Bette Encourages Janis Ian (“Some People’s Lives”) To Write Autobiography

New York Times
April 9, 2006
A Night Out With: Janis Ian
At Fifty-Five

IN a small beige hotel room in Midtown, Janis Ian was warming up. Sitting on a twin bed, she pulled her new guitar out of its white, velvet-lined case. “Eight weeks old,” she said. “It’s a baby.” The baby twanged.

Bottles – some containing water, some not – lined the windowsill. Luggage was piled on the bed behind her. The following night she would do two shows at Joe’s Pub, but now she was preparing for a laid-back gig at Jim Caruso’s Cast Party, an open jam-style show at Birdland. Even after more than 40 years in the music business, Ms. Ian, a Grammy winner and seminal singer-songwriter who lives in Nashville, needs a rehearsal.

Her band mates for the evening were Maura and Pete Kennedy, a husband-and-wife folk duo. They talked about musician things, like how to get good health insurance, the stinginess of club owners, and the anatomy of Ms. Ian’s 1975 hit, “At Seventeen.”

“It was the only time I ever felt like I’d written a hit song,” Ms. Ian said. During the recording, “I sang that first line, ‘I learned the truth at 17,’ for three hours.” Very sweetly, she began to sing it. Ms. Kennedy broke into a big grin; the song’s lilting bossa nova beat stilled the room. Mr. Kennedy added a little solo flourish on his ukulele, and Ms. Ian bobbed her head along. “Awesome, you guys,” she said afterward. “I miss playing with a band.”

Hotel room gigs aside, there are a lot things Ms. Ian wouldn’t miss about playing the folk circuit of small clubs, festivals, churches and, at her low point, a bowling alley. (“There were more people bowling than there were in the audience.”) “You never get used to walking into a dressing room that stinks of urine,” she said. Honesty is her strong suit.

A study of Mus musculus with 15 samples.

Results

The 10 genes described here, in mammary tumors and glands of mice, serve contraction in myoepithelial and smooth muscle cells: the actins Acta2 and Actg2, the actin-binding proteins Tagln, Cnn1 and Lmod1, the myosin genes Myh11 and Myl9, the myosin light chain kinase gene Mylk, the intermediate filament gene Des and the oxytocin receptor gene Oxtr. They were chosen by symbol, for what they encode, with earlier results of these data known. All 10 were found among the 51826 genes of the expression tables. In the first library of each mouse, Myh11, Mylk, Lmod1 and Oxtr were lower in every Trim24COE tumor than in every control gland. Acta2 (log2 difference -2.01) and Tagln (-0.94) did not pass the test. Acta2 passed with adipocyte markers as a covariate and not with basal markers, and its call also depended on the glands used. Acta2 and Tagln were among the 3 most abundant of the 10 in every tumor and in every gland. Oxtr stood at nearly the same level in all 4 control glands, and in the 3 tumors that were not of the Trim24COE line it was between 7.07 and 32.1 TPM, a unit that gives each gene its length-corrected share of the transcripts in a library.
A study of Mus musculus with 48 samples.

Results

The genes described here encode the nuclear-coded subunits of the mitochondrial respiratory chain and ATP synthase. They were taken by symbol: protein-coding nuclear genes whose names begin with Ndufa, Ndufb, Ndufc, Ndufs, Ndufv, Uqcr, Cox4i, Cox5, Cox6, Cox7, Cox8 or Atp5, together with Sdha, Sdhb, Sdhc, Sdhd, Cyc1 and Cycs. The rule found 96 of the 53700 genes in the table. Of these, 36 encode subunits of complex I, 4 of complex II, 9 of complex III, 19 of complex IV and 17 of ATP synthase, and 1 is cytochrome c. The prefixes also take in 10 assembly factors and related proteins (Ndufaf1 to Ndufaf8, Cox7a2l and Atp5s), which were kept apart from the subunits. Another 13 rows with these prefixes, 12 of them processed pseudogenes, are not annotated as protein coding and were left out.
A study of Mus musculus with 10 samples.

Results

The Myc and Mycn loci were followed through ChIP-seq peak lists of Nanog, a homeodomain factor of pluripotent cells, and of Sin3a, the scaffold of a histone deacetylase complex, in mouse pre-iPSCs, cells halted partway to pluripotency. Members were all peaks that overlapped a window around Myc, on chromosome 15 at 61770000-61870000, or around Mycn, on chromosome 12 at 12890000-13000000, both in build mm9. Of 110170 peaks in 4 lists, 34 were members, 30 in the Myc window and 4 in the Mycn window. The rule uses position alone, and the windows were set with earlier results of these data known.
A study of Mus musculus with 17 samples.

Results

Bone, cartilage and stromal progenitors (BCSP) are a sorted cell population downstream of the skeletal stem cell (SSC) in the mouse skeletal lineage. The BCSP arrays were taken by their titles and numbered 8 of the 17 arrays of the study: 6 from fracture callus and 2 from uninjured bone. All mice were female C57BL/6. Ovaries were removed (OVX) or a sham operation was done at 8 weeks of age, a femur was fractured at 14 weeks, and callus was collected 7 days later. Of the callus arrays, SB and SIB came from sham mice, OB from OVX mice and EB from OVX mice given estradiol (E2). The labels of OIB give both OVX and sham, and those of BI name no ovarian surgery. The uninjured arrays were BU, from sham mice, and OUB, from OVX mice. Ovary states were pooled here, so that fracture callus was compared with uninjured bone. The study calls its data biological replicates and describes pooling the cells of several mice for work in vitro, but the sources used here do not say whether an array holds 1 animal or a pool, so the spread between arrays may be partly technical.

Over a sushi dinner with the Kennedys and Christine Lavin, another folk singer and a friend, Ms. Ian admitted that at 55 retirement was starting to sound appealing. “I put down performing for 10 years, and I never missed it,” she said. “I would like to stay home and write.” On the advice of Bette Midler, she has begun her autobiography.

But her musical success – she has traded licks with Mississippi John Hurt, recorded in the same studio as Bruce Springsteen and, as Ms. Lavin said incredulously, “sold enough to have money with a comma in it” – still looms large.

At Birdland she was full of nervous energy. “Why I am here?” she muttered, pacing the room before she went on. But when she took the stage, baby in hand, she held the audience rapt.

“I made half my reputation on being young,” she said, “and the other half on being as depressing as possible.” She sang “At Seventeen” and “My Autobiography,” a song from her latest album, “Folk Is the New Black.”

I know you and I’ll agree

What this world needs is a lot more me

Well, I have got the remedy

Gonna write my autobiography

I’ve led a fascinating life

Had a husband and a wife

Afterward, Ms. Ian, a tiny woman with silver-white hair and jeans with rhinestones, stepped outside and popped a filtered Camel cigarette from a silver case. “That was a treat,” she said, lighting up. “I miss this life.”

The autobiography, it seems, could use a few more chapters.